Annual tobacco-related deaths are expected to reach 8.3 million by the year 2030, with 80 percent of them occurring in Asia, unless more is done to tighten trans-border controls on the trade, international health experts warned Monday.

"The only two epidemics that are encountering a major increase in the next 20 years are the tobacco epidemic and the HIV/AIDS epidemics," said Douglas Bettcher, director of the World Health Organisation's Tobacco Free Initiative.

According to WHO estimates, the current 5.4 million annual tobacco-related deaths, with 50 percent of them in Asia, will rise to 8.3 million by 2030 as multinational cigarette companies target the region's huge and still undeveloped market and transnational crime that takes advantage of smuggling opportunities, said Bettcher.

But the WHO is convinced that tighter laws on the tobacco industry could save 200 million lives by 2050, he said.

Bettcher was one of several tobacco industry experts attending an international conference hosted by the Thai government this week to highlight the need for better implementation of the international Framework Convention on Tobacco Control of the WHO, and to mull new legislation to improve trans-border controls over the trade.

The conference is discussing a new illicit-trade protocol that would clamp down on the huge illegal traffic in tobacco products, which costs governments an estimated 40 to 50 million dollars in lost tax revenues last year and accounted for 10.7 percent of the world trade in cigarettes, or about 600 billion out of the estimated 5,767 billion cigarettes sold in 2006.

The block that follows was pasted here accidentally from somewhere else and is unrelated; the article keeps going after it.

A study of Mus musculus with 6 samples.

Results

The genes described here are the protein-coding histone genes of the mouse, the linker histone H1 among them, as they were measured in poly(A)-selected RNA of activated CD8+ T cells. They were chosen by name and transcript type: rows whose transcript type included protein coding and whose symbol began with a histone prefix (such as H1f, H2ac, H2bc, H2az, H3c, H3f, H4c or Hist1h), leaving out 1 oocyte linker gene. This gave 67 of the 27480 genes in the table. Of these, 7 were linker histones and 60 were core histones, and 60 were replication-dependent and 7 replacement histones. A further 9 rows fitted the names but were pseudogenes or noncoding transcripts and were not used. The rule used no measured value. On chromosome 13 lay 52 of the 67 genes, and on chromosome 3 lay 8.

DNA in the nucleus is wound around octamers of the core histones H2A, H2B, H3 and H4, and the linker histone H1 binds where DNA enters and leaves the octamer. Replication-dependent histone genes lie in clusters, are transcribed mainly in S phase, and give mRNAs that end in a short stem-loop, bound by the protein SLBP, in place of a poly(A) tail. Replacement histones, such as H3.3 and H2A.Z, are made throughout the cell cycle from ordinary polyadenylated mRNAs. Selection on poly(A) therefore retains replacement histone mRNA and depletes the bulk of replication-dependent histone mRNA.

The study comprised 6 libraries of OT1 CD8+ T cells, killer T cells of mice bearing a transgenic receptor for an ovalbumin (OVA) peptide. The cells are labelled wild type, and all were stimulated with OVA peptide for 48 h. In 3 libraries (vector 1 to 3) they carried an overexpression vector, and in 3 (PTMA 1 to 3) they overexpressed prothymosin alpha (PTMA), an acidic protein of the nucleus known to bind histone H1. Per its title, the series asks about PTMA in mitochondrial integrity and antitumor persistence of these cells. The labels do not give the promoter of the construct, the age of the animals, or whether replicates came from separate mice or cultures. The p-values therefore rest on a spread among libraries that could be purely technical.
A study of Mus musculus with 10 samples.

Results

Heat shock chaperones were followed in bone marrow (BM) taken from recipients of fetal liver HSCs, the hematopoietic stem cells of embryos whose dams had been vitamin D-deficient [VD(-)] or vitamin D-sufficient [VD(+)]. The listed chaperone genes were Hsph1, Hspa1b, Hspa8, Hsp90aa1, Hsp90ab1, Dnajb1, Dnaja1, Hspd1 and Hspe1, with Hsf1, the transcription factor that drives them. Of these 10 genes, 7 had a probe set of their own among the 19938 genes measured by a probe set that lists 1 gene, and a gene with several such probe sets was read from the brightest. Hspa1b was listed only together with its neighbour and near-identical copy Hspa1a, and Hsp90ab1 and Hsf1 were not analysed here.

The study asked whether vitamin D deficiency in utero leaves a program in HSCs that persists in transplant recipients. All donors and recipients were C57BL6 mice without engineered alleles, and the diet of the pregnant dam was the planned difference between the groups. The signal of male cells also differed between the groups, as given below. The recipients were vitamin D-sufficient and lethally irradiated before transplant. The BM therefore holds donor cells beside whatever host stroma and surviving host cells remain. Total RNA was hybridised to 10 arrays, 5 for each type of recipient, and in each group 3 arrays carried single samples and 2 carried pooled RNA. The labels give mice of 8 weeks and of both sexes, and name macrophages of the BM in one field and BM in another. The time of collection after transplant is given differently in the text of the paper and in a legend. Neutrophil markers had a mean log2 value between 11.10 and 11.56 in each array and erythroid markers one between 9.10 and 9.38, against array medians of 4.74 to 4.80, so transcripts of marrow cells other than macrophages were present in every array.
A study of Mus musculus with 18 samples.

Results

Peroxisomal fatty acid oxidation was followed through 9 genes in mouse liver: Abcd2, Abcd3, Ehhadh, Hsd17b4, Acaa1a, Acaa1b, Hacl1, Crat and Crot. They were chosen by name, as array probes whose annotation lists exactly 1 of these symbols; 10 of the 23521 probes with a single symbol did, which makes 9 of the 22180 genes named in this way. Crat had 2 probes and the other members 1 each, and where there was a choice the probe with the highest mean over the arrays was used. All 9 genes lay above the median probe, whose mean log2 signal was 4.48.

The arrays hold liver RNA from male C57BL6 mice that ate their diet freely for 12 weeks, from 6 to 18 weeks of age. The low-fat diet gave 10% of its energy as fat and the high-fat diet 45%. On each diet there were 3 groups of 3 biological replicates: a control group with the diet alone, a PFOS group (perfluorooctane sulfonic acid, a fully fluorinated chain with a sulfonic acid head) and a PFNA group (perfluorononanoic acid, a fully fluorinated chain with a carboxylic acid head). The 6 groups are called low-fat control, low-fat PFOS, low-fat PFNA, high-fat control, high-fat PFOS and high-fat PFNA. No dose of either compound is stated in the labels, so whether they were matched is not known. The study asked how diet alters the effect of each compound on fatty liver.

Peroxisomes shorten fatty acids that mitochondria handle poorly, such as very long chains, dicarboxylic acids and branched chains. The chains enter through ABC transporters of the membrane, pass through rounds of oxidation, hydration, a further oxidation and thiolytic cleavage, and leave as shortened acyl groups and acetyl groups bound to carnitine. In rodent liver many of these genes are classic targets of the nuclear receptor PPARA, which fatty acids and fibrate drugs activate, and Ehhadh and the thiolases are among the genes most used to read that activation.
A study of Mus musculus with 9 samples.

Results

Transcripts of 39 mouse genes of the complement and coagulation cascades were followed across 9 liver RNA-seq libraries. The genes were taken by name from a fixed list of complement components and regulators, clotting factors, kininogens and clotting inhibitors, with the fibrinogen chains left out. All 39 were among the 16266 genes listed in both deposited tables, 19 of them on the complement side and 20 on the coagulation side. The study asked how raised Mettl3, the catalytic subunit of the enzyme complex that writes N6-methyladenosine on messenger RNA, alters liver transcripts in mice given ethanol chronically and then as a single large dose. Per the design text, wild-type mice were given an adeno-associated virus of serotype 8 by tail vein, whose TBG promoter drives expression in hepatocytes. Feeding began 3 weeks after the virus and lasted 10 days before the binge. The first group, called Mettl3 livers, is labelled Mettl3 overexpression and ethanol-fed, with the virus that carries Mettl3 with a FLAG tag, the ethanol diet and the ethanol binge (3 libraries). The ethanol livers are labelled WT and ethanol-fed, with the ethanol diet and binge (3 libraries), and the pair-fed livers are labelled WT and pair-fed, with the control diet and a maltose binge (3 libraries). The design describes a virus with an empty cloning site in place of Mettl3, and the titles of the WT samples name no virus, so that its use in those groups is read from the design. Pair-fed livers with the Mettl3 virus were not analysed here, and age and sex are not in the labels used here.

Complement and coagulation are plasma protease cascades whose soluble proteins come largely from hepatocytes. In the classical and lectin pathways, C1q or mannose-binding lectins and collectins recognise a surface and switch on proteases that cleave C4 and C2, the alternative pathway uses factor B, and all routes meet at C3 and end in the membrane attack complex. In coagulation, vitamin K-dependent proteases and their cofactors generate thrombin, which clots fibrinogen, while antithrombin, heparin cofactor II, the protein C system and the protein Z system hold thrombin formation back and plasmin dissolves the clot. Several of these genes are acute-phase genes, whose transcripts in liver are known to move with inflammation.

The protocol, which would take more than three years to discuss and ratify, would include provisions such as setting up a global tracing and tracking system on all tobacco products to identify smugglers and counterfeiters.

"Smuggled and counterfeit cigarettes are sold at lower prices than legal p roducts, contributing to higher consumption and greater rates of smoking-related illness and death," said Luk Joossens, senior policy advisor of the Framework Convention Alliance, comprising 300 organisations representing over 100 countries around the world.

The alliance was created to support the development, ratification, and implementation of the WHO framework treaty.

The Bangkok meeting will also discuss Thailand's proposal to draft a new international law banning all cross-border advertising of cigarette products.

"Cross-border advertising has a big impact on populations all over the world," said Hatai Chitanondh, president of the Thailand Health Promotion Institute.

Hatai has earned world respect for his successful anti-smoking campaign that has made Thailand "the gold standard" for anti-tobacco legislation in the region.

But Hatai said Thailand's anti-smoking legislation is undermined by the cigarette companies' use of trans-border advertisements, especially for popular sports events such as Formula One racing.

He said the tobacco companies spend between 300 to 400 million dollars a year in ads and sponsorships of Formula One, which reach 300 million Asian viewers on TV and the Internet.

Thailand's efforts to prevent smoking have also been undermined by a huge trade in cheap smuggled cigarettes.

"The price is down so people consume more, which is bad for people's health, and the government makes less tax, so we lose both ways," Hatai said.